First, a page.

By Air Force Tech. Sgt. Kamaile Casillas Pacific Air Forces


Pacific Angel: U.S., Vietnam continue to build partnership
Army Sgt. Joshua Moffett, an optometry technician assigned to Tripler Army Medical Center in Honolulu, works with patients at a health services outreach site during Pacific Angel exercise 17-2 in Tam Ky, Vietnam, Sept. 13, 2017. Since 2007, Pacific Angel engagements have affected the lives of tens of thousands of people by providing civil engineering programs, humanitarian aid and disaster relief and opportunities for subject-matter exchanges. Air Force photo by Tech. Sgt. Kamaile Casillas
Pacific Angel: U.S., Vietnam continue to build partnership Pacific Angel: U.S., Vietnam continue to build partnership
Army Sgt. Joshua Moffett, an optometry technician assigned to Tripler Army Medical Center in Honolulu, works with patients at a health services outreach site during Pacific Angel exercise 17-2 in Tam Ky, Vietnam, Sept. 13, 2017. Since 2007, Pacific Angel engagements have affected the lives of tens of thousands of people by providing civil engineering programs, humanitarian aid and disaster relief and opportunities for subject-matter exchanges. Air Force photo by Tech. Sgt. Kamaile Casillas

Moffett, 24, hails from Deptford, New Jersey, and he served as an infantryman from 2012 to 2015.

"My brother, who was also an infantryman, had a lot of influence on my choice to join the Army," he said.

But when his re-enlistment popped up two years ago, Moffett chose to step outside of his previous combat role and follow another career path. "I wanted to try something different, and the medical field is very different from what I was used to as an infantryman," he explained. "It's a different world in the medical field. What I do now is treat patients with any type of eye disease, and help them to be able to see better."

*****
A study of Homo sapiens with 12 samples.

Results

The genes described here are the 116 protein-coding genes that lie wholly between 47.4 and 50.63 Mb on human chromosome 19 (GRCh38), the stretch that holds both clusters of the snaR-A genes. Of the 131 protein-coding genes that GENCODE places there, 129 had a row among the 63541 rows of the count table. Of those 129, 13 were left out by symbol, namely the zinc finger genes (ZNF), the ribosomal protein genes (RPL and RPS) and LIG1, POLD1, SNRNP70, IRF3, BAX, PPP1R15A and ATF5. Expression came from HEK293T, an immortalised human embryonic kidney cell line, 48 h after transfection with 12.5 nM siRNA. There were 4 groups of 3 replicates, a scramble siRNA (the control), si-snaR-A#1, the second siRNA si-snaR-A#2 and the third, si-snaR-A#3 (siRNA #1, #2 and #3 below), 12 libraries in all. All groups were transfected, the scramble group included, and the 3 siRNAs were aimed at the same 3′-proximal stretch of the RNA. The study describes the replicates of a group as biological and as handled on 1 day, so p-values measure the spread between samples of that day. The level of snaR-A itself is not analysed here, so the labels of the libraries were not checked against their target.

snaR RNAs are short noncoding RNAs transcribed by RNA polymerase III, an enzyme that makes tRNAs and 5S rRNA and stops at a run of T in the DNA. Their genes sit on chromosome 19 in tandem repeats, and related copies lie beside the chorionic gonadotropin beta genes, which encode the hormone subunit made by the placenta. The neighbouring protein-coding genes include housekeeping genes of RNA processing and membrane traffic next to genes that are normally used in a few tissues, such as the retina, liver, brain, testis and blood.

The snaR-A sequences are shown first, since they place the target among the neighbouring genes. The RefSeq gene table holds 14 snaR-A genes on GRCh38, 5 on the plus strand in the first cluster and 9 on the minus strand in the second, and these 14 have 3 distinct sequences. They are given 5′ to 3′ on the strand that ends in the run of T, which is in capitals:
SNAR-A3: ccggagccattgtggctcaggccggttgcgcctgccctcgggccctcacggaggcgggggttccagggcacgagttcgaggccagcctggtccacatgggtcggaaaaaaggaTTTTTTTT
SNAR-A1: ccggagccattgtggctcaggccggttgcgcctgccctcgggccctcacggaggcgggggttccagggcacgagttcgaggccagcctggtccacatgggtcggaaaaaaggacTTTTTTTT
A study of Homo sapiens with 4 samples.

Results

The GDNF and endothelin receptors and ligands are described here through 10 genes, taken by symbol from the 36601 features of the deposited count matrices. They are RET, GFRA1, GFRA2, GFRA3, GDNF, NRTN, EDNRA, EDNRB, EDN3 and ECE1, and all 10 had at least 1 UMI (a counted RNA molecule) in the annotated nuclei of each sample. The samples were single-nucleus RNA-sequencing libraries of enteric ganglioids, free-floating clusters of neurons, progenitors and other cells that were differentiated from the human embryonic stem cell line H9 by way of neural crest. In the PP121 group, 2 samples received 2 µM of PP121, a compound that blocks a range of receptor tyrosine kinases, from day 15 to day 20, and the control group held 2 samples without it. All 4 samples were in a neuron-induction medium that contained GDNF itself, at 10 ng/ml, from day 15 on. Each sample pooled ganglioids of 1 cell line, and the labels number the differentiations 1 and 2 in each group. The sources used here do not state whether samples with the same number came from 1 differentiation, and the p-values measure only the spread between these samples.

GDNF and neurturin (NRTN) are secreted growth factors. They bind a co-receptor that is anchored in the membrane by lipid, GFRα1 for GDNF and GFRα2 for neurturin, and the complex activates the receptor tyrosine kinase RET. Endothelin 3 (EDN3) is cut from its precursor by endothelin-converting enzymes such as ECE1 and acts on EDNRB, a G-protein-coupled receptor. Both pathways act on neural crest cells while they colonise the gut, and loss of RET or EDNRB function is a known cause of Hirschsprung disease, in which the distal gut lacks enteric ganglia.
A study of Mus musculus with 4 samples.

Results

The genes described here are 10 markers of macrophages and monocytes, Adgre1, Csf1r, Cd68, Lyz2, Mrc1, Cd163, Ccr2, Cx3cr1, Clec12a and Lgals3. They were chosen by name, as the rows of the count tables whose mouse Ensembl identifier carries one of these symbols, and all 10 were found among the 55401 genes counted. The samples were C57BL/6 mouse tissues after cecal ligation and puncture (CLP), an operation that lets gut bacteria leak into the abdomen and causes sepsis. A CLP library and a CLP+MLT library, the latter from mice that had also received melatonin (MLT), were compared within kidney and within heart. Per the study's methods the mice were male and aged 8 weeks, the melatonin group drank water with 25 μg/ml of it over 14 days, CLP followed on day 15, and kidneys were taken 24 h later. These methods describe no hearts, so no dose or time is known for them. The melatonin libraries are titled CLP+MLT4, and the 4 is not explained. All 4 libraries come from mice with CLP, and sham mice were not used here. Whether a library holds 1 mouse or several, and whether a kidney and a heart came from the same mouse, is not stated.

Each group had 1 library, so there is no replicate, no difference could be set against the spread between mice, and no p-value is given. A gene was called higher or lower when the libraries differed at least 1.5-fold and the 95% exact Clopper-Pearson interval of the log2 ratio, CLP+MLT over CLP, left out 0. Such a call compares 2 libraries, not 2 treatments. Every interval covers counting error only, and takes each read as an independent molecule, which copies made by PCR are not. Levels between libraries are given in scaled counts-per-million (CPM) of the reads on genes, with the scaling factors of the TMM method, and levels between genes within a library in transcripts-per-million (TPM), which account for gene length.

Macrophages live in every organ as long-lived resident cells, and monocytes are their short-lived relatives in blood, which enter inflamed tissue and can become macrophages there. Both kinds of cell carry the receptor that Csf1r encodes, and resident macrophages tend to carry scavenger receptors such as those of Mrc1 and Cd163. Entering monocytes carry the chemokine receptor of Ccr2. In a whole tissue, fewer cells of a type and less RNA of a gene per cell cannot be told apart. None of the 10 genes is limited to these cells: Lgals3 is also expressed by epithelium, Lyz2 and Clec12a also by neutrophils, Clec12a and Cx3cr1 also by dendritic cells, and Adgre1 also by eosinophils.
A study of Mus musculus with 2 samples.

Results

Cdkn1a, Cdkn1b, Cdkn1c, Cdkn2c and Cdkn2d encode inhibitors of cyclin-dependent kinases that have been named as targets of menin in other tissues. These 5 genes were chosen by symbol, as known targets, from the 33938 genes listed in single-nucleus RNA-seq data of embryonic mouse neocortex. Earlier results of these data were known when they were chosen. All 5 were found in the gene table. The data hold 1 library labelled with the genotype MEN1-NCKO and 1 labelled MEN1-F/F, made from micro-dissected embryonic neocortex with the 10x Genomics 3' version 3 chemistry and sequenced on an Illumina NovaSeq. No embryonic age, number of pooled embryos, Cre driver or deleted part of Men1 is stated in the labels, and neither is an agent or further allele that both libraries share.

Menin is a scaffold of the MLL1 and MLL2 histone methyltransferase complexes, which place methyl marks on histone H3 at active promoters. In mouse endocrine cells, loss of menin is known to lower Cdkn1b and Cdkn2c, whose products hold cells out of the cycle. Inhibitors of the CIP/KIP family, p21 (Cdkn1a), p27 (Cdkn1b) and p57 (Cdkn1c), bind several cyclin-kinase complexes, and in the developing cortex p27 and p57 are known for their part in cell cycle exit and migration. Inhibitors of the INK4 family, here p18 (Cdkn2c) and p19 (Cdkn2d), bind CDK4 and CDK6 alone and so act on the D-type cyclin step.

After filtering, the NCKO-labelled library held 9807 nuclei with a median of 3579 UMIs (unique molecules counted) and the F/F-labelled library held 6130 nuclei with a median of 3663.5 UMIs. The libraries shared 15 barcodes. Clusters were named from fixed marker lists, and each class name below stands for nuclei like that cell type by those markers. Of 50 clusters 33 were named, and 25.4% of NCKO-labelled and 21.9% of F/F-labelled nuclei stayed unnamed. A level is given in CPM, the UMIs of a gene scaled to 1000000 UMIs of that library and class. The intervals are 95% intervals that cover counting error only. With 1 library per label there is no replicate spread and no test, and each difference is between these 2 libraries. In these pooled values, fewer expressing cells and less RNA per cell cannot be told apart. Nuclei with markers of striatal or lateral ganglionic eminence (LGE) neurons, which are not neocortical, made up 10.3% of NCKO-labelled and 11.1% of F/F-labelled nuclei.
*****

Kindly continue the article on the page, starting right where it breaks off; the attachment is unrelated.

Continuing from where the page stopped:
As part of a five-member optometry team during Pacific Angel 17-2, a joint and combined humanitarian assistance engagement, Moffett assisted in screening patients and providing them with glasses to help them in their day-to-day lives. "It was a really satisfying experience being able to see the difference we made from before they got here to after they left," Moffett said. "And it's nice to know that we were able to help as many people as we did."

Working With Other Services

Moffett also mentioned that it was nice to work with the sister services. "It's just good to see how they operate, see if they do anything different," he said. "Collaboration is better, because working together we're able to see what methods work best and provide the best quality of care that we can."

Although he is still contemplating whether or not to make the Army a career, Moffett said, he continues to make the best of the opportunities presented to him as a soldier. "I wanted to explore the world when I came into the service," he added. "I'm stationed in Hawaii, and the Army brought me to Vietnam, where I was able to help thousands of people. Needless to say, the Army has been good to me."

Pacific Angel exercises have built positive relations through interactions such as these for the last decade in Bangladesh, Cambodia, Timor-Leste, Indonesia, Vietnam, the Philippines, Sri Lanka, Thailand, Mongolia, Laos, Tonga, Nepal and Papua New Guinea.